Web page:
We — Phaniet, Este, Windigar, Kantele, and me — passed through the lumpy
streets of Eigrach to the sweet terraces of Via Tydirdi, where the garden of
fragrant lillies was a bit past its prime, but the poisonous but lovely
hazillit trees were in bloom all about the white-and-rainbow meringue that was
Bwipin’s longhouse. “Symbolic,” said Kantele, who does not trust anyone in
The Khtsoyis guards in their busby hats greeted us at the door. “G’day to
you-dono, visitors. You’d be the snushmangers from Ketheria, wouldn’t you?”
“We are the nobles, scholars, and guildsmen of Ketheria whom Bwipin has
invited to this place,” said Phaniet. “Our personal habits are far too
refined and sophisticated for discussion with such as you.”
“Haw! Told you they was the snushmangers comin’ up the walk,” said the one on
the left, and turned a dismal sick green color. Both Khtsoyis giggled. “Hey,
c’mon in, sit in the parlor. Bwipin’s still tryin’ t’cram his fat belly into
a waistcoat ‘n tights.”
We sat in the parlor briefly, and grumbled about being insulted by Khtsoyis.
“Snushmanger, are we?” But what do you expect, from Khtsoyis?
In due course, Bwipin showed up in the parlor, dressed in a loose caftan and a
topologically troublesome hat. “Oh, cursed sorry to be so slow, lordies, but
I’m not as nimble as I was a hundred pounds ago. Shall we proceed on our
We blinked at each other. “Snushquest?”
“Our expedition to find and devour the most expensive mushrooms in Eigrach!”
“Someone called us ’snushmangers’,” I explained. “We took it for some sort of
insulting term for our choice in lovers.”
“Not all of our choice!” noted Windigar.
Bwipin sputtered, “Good heavens, man, someone accused you of being
mushroom-eaters! Did they know you were going to Gutrumy House?”
“Well, actually, they did,” I had to admit.
“Well, if ’snushmanger’ is an insult nowadays, it is an insult I shall wear
proudly, blast it! I don’t get to Gutrumy House nearly often enough. Too
expensive, says the wife and spouses!”
“How much should we expect it to be?” asked the practical Kantele, who, along
with Zascalle, is quite worried about our finances.
“Ah, think nothing of it. On the city, ma’am! On the city!” proclaimed
Bwipin. “By way of a bit of extra apology for the troubles in this and that,
and the shipwrights being so slow and all. We’re blasted sorry for all that.
And I don’t mind being your native host there myself!”
“Oh!” said Este. “Shall we change here, or at the restaurant?”
“Change?” asked Bwipin. “You have brought a bit of a suitcase with
you, haven’t you?”
“With your permission, should you choose to provide it, we were going to all
turn into Cani, so as to best appreciate the subtleties of the poisonous
mushrooms,” Kantele said.
“That’s a blasted good idea! Here, I’ll grant you temporary auxiliary
membership in Coryn!” said Bwipin. We fiddled with magical talismans and
Cani garments. Bwipin fiddled with paper and clan tokens. And sniffed.
“Phaniet, should I leave Este out of it? You forgot that Strayway had
only strong rosemary soap, and went and used lavender!”
“Oh, no,” said Phaniet, tail between her legs. With my new Cani nose, I could
tell she smelled faintly of male Rassimel. Bwipin, of course, could tell more.
“Ahh, don’t fret about that. A distinguished foreigner such as yourself isn’t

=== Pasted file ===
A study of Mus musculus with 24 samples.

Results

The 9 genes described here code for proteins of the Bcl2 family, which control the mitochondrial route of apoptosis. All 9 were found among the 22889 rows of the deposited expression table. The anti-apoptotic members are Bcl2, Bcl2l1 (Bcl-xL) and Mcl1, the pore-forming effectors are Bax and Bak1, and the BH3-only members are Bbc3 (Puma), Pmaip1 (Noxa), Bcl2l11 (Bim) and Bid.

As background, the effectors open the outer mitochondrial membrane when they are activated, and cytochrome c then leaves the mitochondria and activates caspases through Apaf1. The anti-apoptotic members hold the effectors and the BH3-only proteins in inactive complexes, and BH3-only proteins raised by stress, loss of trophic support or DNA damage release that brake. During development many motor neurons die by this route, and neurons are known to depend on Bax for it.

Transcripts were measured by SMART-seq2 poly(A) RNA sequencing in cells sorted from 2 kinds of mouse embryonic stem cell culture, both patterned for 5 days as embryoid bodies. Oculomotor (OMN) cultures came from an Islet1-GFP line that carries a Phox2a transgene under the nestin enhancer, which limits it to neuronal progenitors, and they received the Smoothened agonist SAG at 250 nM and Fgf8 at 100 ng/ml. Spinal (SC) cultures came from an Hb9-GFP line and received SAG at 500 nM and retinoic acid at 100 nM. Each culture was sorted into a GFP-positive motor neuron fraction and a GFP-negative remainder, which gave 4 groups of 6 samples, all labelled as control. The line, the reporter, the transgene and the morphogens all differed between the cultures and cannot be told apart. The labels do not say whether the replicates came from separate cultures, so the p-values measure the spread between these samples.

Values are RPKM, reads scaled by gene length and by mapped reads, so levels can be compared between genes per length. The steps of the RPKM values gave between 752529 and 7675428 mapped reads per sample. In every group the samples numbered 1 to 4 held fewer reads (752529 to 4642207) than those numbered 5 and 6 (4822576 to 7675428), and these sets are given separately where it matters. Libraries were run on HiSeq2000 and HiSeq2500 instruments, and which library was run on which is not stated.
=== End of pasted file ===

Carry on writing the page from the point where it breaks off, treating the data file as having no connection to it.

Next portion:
expected to behave like an Eigrachter. Besides, he’s a Cani now, isn’t
he? Though he doesn’t blasted smell like it on you!”, boomed Bwipin. “Let’s go!”
Briefly: as fancy a restaurant as I’ve ever been in, and that means, quite
The decor: spiderwebs. Not cobwebs, mind you. The restaurant was bright with
sunlight through wicker, and not a single speck of dust sullied the white
wythes. But the decor was spiderwebs, artificial spiderwebs made of silk
threads, sparkling with powdered glass, spread across floors and ceilings and
tables. You could regard them as very sparse and spirally doilies, if you like.
Out of deference to Grinwipey, or my own life, I paid close attention to the
restaurant’s protections. They looked quite good. Area-effect Heal
Poison devices, usable thrice daily for itchy and fever poison (which are
annoying if not cured), twelve times daily for harm and howly (which can kill
you if not cured).
Plus the waiters — all Rassimel for better healing power — clearly knew
their magic. Kantele ordered the grilled ciovulse mushroom appetizer; she
was the first one to be served. It was beautiful: a spray of tiny pink and
purple mushrooms, sprinkled with a few drops of fish sauce and brandy, and
grilled over a fire of cedar and onionseed. We passed it around and everyone
sniffed at it, and then Kantele popped it into her mouth. “Delicious!” she
said, and swallowed, and enjoyed the flavor for a whole ten seconds. Then she
looked a bit worried, and gritted her teeth.
Then the waiter stepped behind her and cast Heal Howly Poison. A
respectable-strength cast for a non-Guild healer.
Kantele relaxed. “Great staring gods, that’s an odd sensation. I needed to
scream, over nothing in particular.”
I wagged my peculiarly fluffy tail. “Howly poison does that. You scream so
loud that you crack your ribs, or you do when it starts to hurt. I’ve been
poisoned that way a few times, and not with a helpful waiter to heal me afterwards.”
The waiter smiled. “We strive to please. Who is comfortable enough to have
the next appetizer?”
“How much cley do you have left?” asked Este, rather rudely.